Argentine Prosecutor's Death Still A Complete Mystery

The latest on last week's mysterious death of famed Argentine prosecutor Alberto Nisman.

By Jay Strubberg | January 26, 2015

"Puzzling," "strange," "mystery": All words the media has used to describe the death of famed Argentine prosecutor Alberto Nisman.

Last week, 51-year-old Nisman was found dead with a bullet wound to the head in his high-rise Buenos Aires apartment. A .22-caliber handgun and an empty bullet casing were found near his body, and there were no signs of forced entry into his home. (Video via Univision, PressTV)

But the timing of his death has lead many to speculate this isn't an open-and-shut suicide case, but a political assassination — and even reporters involved with the story say they could be in the killers' crosshairs.


Nisman had accused Argentine President Cristina Fernández de Kirchner and other top officials of a cover-up that protected Iranian suspects believed to be involved in the attack.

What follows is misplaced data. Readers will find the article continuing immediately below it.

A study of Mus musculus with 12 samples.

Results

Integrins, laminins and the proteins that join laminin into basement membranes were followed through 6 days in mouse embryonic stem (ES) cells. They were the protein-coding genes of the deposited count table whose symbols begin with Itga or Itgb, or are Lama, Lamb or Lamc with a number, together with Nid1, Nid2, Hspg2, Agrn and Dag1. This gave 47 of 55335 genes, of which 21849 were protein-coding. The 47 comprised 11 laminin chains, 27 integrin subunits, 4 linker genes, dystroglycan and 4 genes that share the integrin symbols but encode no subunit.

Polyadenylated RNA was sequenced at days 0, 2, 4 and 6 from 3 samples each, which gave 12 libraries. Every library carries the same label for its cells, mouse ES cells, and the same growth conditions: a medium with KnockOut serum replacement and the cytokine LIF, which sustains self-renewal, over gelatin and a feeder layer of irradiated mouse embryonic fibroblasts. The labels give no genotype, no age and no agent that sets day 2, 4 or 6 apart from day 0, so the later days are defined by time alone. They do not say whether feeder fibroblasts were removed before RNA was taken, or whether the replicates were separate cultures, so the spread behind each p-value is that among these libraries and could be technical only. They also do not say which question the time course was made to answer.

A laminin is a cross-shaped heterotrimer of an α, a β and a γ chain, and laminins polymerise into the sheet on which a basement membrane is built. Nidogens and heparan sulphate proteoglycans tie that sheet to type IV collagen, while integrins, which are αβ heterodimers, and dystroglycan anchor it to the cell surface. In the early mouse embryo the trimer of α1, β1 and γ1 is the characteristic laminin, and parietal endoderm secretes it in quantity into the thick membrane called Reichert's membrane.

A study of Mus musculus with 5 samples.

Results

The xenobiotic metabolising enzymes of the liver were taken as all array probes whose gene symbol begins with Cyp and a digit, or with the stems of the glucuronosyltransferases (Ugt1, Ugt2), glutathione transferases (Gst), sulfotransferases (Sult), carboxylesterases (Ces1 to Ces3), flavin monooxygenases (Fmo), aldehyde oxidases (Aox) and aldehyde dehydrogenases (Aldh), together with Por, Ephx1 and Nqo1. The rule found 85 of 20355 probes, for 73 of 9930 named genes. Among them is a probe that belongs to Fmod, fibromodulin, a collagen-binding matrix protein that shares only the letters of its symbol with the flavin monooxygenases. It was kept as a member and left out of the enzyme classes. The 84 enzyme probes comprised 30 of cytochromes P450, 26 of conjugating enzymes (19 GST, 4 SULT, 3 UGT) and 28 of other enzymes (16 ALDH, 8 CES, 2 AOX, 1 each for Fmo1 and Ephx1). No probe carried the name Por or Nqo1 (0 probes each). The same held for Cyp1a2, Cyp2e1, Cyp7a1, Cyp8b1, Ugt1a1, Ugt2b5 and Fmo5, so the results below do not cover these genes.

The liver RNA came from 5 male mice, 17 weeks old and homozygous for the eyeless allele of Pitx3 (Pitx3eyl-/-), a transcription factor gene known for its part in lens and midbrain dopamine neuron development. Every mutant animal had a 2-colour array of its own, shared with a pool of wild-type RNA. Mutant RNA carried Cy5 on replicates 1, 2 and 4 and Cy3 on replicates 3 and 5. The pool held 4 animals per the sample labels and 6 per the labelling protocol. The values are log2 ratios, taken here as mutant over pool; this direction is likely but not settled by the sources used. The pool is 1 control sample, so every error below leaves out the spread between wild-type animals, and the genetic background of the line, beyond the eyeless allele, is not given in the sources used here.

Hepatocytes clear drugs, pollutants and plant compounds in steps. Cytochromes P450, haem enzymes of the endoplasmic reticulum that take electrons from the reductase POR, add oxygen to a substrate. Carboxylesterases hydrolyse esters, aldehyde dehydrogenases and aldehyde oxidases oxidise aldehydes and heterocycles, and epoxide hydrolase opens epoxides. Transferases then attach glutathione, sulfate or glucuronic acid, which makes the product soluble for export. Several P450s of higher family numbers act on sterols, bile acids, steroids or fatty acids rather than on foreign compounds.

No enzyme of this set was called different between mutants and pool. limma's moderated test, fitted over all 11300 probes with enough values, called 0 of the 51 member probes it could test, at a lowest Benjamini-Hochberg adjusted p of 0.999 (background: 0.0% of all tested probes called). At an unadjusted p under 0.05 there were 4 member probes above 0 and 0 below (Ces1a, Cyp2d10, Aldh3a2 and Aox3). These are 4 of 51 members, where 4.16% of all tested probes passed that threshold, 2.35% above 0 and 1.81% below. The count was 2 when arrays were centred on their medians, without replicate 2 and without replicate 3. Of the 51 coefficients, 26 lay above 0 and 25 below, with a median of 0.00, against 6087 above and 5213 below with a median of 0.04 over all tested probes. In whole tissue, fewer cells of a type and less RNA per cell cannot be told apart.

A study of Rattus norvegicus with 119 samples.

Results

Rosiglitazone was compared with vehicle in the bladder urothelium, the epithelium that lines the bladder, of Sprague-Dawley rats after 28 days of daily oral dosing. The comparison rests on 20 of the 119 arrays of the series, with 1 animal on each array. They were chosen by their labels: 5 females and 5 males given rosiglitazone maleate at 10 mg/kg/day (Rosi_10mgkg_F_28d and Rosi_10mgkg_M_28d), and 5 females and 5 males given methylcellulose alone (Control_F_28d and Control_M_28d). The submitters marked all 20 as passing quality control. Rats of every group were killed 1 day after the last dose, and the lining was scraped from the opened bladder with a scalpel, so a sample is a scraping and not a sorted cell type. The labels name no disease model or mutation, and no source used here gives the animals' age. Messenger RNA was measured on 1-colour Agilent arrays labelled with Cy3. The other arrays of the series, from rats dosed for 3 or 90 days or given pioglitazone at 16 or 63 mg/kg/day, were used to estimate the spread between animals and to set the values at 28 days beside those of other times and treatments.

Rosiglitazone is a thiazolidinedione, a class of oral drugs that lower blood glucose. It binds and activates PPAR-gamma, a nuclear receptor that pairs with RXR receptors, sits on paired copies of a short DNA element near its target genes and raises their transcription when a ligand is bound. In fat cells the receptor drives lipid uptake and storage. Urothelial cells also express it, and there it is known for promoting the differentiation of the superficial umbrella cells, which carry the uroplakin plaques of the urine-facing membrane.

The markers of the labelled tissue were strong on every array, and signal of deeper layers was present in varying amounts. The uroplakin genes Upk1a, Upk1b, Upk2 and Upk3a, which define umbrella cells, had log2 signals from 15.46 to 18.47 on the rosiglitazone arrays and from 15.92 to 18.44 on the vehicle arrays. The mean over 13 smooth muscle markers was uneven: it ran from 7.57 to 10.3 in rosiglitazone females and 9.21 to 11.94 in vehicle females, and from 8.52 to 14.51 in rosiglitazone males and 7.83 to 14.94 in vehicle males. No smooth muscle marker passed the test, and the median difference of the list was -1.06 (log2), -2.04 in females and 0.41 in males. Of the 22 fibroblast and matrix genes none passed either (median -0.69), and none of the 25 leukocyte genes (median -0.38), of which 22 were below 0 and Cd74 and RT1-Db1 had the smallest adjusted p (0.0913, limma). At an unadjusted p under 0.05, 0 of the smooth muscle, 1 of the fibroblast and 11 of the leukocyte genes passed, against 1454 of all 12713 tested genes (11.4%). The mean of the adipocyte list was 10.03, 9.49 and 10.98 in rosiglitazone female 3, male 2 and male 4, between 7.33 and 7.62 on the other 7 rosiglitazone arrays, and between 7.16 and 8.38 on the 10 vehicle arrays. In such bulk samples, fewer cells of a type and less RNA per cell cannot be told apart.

He was found dead a day before he was set to testify before Argentina's Congress about those accusations. The sequence of events started an immediate media and public uproar. (Video via Infobae)

Protests broke out following the news of Nisman's death. And it appears most of the public doesn't think his death was a suicide. An Ipsos poll says 70 percent of the more than 400 people surveyed believe he was murdered. (Video via Euronews)

The treasurer of the Jewish center that was attacked told CNN he spoke to Nisman recently.  

"He told us he had ostensible proof and he also said he had copies of the evidence in different places," AMIA Jewish Center Tresurer Ariel Cohen said

Sunday, the Buenos Aires Herald journalist who is believed to have broken the story of Nisman's death left Argentina, saying he too feared for his life.

Even Kirchner, who denied Nisman's accusations, said on her Facebook page that she believes, "The suicide (I'm convinced) was not a suicide."

She also posted a statement on her website last Thursday claiming another party was behind his death. She wrote, "They used him alive and then they needed him dead." (Video via Cristina Fernández de Kirchner)

Damian Pachter, the journalist who fled Argentina, landed in Israel Sunday. Meanwhile, an investigation has been launched into the 10 police officers who were in charge of protecting Nisman.

This video includes images from Getty Images.